If Martin Scorsese’s “Goodfellas” and John Waters’s “Hairspray” had a baby, it would probably look something like Clint Eastwood’s adaptation of “Jersey Boys.”
The film based on the Tony Award-winning musical teeters between genres, often evoking the feel of a gritty mob drama, while at other times channeling the toe-tapping tunes of its source material. The odd amalgam of styles is an interesting choice by Eastwood, but by refusing to adhere to cinematic conventions, the movie never really finds its voice.
Based on a screenplay by Marshall Brickman and Rick Elice, who also penned the theatrical production, the film chronicles Frankie Valli and the Four Seasons’ rise to stardom, from hoodlums on the street of New Jersey to becoming one of the best-selling acts of all-time. Opening to the group’s hit classic, “Oh What a Night!,” a teenaged Valli (John Lloyd Young) is introduced as a fumbling apprentice at a barbershop, tending to mafioso Angelo “Gyp” DeCarlo (hilariously played by Christoper Walken).
While Valli tries to act tough, he’s just not as cut out for the mob life as his friend Tommy DeVito (Vicent Piazza), an errand boy of DiCarlo, who discovers his friend’s knack for singing. Along with bassist Nick Massi (Michael Lomenda) and songwriter Bob Gaudio (Erich Bergen), the group eventually becomes the Four Seasons.
The 84-year-old director’s latest effort should, for all intents and purposes, be looked at as a drama that happens to have music in it, as the only big Broadway-style number occurs over the closing credits.
Like the play, however, the main characters do occasionally break the fourth wall (although these moments can be hit or miss). There’s also plenty of music within the film, highlighted by a stunning scene that features performances of the group’s three straight No. 1 hits (“Sherry,” “Big Girls Don’t Cry,” and “Walk Like a Man”) which catapulted them into the big time.
There’s somewhat of a synergy between the drama and music as well as the rise and fall arc of the first two acts, but the story grinds to a halt when the focus shifts to Valli’s relationship with his daughter, which seemingly comes out of left field.
All that being said, the real problem with this film as a drama is that it doesn’t delve deep enough into the grittier parts of the “Jersey Boys” story. The rugged aspects of these characters are sanded down (even their involvement in illegal activities is downplayed).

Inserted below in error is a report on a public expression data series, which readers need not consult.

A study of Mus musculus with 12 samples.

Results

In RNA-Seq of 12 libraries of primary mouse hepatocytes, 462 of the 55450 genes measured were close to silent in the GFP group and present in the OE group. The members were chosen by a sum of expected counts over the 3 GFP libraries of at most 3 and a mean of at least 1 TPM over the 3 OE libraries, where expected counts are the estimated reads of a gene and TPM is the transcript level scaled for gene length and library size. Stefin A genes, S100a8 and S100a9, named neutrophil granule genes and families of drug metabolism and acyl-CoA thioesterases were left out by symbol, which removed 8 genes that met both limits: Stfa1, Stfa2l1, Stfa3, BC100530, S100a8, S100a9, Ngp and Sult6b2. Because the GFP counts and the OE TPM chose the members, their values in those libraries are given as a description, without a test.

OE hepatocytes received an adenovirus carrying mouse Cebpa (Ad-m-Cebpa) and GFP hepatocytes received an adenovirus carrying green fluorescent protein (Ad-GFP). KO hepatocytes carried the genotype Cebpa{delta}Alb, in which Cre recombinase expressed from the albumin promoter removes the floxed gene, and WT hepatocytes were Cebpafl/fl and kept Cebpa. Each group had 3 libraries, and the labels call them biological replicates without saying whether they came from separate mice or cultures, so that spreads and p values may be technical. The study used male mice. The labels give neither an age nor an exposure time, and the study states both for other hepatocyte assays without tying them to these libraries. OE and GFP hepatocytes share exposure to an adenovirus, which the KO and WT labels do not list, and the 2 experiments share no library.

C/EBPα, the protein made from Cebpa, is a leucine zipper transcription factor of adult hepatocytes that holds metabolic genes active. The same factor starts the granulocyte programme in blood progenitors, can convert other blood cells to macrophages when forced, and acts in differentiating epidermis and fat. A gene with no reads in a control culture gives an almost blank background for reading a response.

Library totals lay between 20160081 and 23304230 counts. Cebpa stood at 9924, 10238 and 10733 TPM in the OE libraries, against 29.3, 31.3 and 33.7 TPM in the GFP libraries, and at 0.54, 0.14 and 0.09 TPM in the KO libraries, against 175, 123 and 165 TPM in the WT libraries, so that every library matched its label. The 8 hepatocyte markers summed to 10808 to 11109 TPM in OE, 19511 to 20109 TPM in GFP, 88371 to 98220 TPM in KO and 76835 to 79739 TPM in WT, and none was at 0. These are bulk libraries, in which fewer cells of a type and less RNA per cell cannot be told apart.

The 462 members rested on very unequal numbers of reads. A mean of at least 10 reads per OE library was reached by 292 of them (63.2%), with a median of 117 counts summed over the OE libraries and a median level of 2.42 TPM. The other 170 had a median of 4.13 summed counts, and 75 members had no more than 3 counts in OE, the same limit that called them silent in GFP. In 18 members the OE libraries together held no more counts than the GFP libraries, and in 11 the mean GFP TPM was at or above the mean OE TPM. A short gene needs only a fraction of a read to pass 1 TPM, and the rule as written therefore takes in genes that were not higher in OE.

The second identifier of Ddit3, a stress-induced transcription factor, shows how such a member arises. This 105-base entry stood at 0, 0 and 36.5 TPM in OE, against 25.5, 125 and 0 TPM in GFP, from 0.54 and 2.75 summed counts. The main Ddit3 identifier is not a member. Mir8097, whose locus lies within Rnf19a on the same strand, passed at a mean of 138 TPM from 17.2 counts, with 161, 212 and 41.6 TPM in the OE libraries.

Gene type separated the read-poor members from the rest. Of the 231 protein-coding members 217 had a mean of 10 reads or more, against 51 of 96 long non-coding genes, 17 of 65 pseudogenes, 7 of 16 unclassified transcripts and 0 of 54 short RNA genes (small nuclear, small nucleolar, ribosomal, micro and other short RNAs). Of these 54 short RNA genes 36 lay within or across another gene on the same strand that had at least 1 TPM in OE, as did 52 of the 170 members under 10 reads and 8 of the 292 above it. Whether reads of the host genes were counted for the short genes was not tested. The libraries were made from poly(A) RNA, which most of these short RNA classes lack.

Eastwood’s first turn at directing a musical-inspired film ultimately entertains, as the cast of crooners does a fine job bringing the personalities and sound of Frankie Valli and the Four Seasons to life.
Young, who won a Tony as the band’s lead singer in the original Broadway run, is pitch perfect in his on-screen reprisal of the role, showcasing the falsetto that made him such a convincing Valli on the stage.
Piazza impresses as the controlling lead guitarist and group founder. His time as mobster Lucky Luciano on HBO’s “Boardwalk Empire” was probably good prep work for taking on DeVito’s wise guy persona, and he’s easily the most complex and interesting character of the film.
Bergen and Lomenda, who reprise their characters from various incarnations of the musical’s national tour, are also quite convincing in their roles.
The film has some big laughs, including Walken’s DeCarlo (which is really just Christopher Walken being Christopher Walken). Joe Pesci (yes the actor, he’s part of the story line) played by Joey Russo, is also a scene stealer, as the eventual movie star was the one to introduce Gaudio to the gang. There’s a great nod to Pesci’s charater in “Goodfellas.” Trust me, it’s just excellent.
Mike Doyle’s portrayal of the flamboyant yet fierce music producer Bobby Crewe is another fantastic supporting character that deserves some major praise.
Traditional cinephiles will, of course, have issues with the story’s structure and unsurprising plot, but fans of the Broadway production will likely be pleased by this adaptation.
Overall, Eastwood’s “Jersey Boys” is an entertaining affair, but by trying to walk the line between drama and musical, the film often feels like a caricature of both.